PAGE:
Moral Bankruptcy Of Chicago's Elites


There is real pain in Chicago. In the last four years, 10,000 shootings have left the city scarred. Nearly 21,000 students are trapped in failing schools. Homeowners face rising property taxes – monthly property tax payments now rival mortgage payments. One million residents have fled the city since 1950 for prosperity elsewhere.

Rumors of financial insolvency are not exaggerated. There is a staggering $19,000 public pension liability per each city resident.

As a mayoral candidate in 2010-11, Rahm Emanuel gave regular people hope with his repeated assertion that he would “stop pay-to-play in City Hall” and “end the historical culture of corruption.” Emanuel was right. Public sector corruption was forestalling private sector production. Ending “pay to play” seemed like the only way back for the city.

In the months following his election, Emanuel seemed to execute on his promise by signing an executive order preventing city contractors from giving campaign cash to the mayor’s funds. It was a nice soundbite, but the measure was weakly designed. It lacked an enforcement mechanism and was riddled with loopholes.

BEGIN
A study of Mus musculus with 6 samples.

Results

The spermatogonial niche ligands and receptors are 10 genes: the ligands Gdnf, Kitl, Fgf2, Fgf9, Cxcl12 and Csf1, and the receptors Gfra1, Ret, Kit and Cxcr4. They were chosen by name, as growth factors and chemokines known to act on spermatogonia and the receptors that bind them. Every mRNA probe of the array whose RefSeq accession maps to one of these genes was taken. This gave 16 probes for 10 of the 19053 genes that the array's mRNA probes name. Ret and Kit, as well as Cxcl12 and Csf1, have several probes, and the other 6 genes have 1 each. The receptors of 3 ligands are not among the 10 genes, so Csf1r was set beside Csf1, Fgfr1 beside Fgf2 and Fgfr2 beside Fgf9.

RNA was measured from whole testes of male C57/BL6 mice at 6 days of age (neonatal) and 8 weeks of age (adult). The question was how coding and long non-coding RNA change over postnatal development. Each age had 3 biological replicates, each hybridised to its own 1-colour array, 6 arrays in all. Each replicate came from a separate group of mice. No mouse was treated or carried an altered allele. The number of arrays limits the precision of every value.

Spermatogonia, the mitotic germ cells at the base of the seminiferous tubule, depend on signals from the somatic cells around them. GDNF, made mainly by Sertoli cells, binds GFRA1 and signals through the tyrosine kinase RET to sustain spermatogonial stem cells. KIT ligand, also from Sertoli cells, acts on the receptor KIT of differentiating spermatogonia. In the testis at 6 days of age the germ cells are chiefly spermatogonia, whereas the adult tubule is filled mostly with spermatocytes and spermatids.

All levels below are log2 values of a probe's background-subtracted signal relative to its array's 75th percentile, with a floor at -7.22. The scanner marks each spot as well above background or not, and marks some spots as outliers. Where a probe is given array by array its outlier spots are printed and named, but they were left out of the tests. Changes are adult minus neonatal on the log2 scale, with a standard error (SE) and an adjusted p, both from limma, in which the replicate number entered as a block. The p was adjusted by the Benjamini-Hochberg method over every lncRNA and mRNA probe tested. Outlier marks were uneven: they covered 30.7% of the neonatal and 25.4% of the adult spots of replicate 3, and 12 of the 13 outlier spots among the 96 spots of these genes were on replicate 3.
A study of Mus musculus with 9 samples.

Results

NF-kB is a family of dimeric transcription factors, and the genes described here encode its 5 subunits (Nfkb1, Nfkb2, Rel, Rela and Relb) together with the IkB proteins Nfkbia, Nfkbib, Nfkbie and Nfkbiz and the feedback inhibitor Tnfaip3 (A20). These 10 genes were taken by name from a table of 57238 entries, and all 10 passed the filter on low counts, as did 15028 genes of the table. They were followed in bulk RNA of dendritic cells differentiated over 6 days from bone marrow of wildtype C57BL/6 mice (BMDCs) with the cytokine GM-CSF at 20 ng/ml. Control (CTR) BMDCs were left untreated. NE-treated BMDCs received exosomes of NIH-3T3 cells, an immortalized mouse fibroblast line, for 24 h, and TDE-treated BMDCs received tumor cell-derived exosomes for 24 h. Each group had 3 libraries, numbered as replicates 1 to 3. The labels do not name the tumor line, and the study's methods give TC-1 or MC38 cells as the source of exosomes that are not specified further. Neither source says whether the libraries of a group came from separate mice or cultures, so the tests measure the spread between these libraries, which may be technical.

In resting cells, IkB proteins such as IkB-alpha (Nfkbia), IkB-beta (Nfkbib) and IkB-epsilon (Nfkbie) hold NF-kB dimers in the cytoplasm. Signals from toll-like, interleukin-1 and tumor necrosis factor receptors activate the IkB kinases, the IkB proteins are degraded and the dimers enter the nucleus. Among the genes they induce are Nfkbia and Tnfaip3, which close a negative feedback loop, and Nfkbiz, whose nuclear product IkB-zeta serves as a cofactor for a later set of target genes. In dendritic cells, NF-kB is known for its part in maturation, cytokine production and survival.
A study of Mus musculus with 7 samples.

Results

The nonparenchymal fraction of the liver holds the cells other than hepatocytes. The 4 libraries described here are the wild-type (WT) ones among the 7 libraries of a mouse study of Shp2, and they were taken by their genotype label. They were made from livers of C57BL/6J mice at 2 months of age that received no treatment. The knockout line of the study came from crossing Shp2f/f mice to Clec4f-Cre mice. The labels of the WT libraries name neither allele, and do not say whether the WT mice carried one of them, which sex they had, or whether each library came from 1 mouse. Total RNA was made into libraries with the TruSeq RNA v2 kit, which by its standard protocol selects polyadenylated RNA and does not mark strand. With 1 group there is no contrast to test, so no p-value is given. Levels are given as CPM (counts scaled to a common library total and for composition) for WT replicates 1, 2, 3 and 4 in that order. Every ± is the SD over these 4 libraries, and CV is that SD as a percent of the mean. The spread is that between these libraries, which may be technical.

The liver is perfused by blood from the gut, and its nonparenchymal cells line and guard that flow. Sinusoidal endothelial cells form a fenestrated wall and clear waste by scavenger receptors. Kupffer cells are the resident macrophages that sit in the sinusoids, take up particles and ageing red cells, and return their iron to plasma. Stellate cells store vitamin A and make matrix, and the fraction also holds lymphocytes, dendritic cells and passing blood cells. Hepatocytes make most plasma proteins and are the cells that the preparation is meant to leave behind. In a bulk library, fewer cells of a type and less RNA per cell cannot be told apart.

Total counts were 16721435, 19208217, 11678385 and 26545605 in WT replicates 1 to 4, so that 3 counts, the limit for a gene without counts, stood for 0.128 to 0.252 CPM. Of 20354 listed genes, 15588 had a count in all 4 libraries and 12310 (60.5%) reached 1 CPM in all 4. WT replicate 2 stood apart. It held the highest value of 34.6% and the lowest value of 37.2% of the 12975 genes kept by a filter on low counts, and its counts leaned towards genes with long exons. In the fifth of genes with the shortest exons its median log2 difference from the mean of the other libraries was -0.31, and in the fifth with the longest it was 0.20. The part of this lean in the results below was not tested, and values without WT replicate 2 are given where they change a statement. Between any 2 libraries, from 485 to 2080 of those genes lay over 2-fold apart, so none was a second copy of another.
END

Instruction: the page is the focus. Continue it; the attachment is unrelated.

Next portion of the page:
Last week, our organization American Transparency – with the data at – fact checked Emanuel’s ethics policy for the John Stossel Special, Chicago Corruption: Is Pay-to-Play in Chicago Still Legal?

Here’s what we found: 600 city vendors gave Emanuel $7 million in campaign cash during the past four years and received $2 billion in city payments since 2002. And here’s how we found that data: We looked at a universe of 1,500 companies or their affiliated employees funding Rahm Emmanuel’s campaign since 2010. We then matched those company names with payments from the City of Chicago vendor checkbook. It’s a confluence of campaign cash and contractor payments or benefits.